14 May, 2012

Visiting Australia in Tokyo

Today was my first visit to the Australian Embassy in Japan (I've once visited the Australian Consulate in Sapporo, though). I must say it didn't feel really a welcoming place. There is a tonne of security, though I guess that it probably the case for any embassy — I'm not really familiar with embassies. We did visit the Japanese consulate in Brisbane. They didn't require our passports, but they did make us leave our phones outside the room!

The security guys at the Tokyo embassy didn't search me, but I felt like it was in an airport: passport presentation, bag search, and the x-ray-arch to walk through. Thankfully they didn't ask me to remove my shoes or belt and I didn't have to throw away my water bottles either!

Once past the large outside walls, we found a bleak courtyard surrounded on three sides by an office building of glass and concrete. It was not clear where we should go, we even had to squint a little to read the cryptic signs. What I wanted was a friendly Australian to meet, but there were no people. We made a wrong turn and ended up outside a darkened conference room called Acacia.

The only person we saw the whole time who wasn't behind glass was someone watering a few pot plants. He, thankfully, was friendly and pointed us to the right office, just inside the front gate (obviously they don't want the ordinary Australians coming anywhere near the nerve centre!), where we found a Japanese-looking lady behind thick glass.

My purpose was to get a new passport for our middle son, who was born ten years ago this year in Sapporo. Yes, he was born in Japan. That doesn't mean he's a Japanese citizen (as I'm sometimes asked), but it does mean that he cannot just take a birth certificate into one of these situations. He has to take his birth certificate (which is just a certified copy of the form my husband filled in at the time of his birth, notifying whomever that our son had been born!), plus an English translation of that, plus a Certificate of Citizenship by Descent.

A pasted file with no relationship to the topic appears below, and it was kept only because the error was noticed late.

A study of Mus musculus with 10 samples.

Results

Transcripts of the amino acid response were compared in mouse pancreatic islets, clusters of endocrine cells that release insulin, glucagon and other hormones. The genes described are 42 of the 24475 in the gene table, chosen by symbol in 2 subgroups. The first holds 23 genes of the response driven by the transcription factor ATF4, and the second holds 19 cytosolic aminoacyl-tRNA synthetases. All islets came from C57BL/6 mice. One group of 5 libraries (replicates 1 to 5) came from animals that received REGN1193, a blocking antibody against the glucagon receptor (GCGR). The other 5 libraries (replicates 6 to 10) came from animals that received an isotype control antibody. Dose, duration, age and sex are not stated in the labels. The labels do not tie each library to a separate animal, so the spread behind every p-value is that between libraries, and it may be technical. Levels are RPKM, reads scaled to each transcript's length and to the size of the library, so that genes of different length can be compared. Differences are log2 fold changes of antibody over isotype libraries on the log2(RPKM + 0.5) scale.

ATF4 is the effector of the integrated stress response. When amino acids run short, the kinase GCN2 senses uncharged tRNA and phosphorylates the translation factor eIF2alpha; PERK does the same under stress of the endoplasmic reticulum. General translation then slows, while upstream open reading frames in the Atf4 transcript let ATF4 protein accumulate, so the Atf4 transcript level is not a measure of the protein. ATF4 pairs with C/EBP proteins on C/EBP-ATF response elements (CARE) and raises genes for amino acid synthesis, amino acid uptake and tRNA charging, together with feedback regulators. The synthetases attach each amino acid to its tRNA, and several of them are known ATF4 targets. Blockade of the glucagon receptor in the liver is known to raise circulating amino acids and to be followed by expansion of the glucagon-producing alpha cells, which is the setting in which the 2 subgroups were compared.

In all, though, the "interview" took less than 20 minutes. Basically it was paper-pushing and a cross-checking exercise. Now we wait and see what the powers-that-decide in Canberra have any problems with our paperwork. In the meantime, they hold our son's passport in their possession. That always makes me feel nervous, what happens if we need it . . . but it felt less scary than the other option she proposed, and that was cancelling it altogether. The third alternative was that we keep the old un-cancelled passport, but that meant I needed to do another two-hour round trip to pick up the new one. So I went for the middle ground and asked them to keep the old passport and post us the new one.

So now we're home again, after our brush with overseas Australia bureaucracy. My son has enjoyed a rare day-off school with my full attention. We've travelled the trains, eaten lunch at McDonalds, and enjoyed each other. I taught him a bit more about navigating around Tokyo too. I told him what signs we needed to look for (like "Exit 2" or "Toei subway line") and he enjoyed that. I also gave him the map from the subway exit to the embassy and he got us there. I love that kind of hands-on learning. He can be a challenging person to get along with, but as I've found with all my kids, they're much nicer and easier to get along with one-on-one than they can be in a mob.

1 comment:

KarenKTeachCamb said...

Sounds like a good day in all. When I went to the Australian Embassy in Phnom Penh for my passport renewal I had to leave everything except my handbag at the entrance post and I didn't feel it was very secure. I know what you mean about them not wanting "ordinary Aussies" in the inner sanctum!

I also had the added challenge that I had to keep my old passport until I had left the country several months after the new one was issued because my visa was a 12 month one and so I was using both documents until I went to Thailand in July-August and got a new visa on my return to Phnom Penh. Complicated.

I love the hands-on learning. There's nothing that makes map-reading make sense to kids more than when they actually have to find their way somewhere using a map. Way to go. And yes, one-on-one is almost always easier than a group!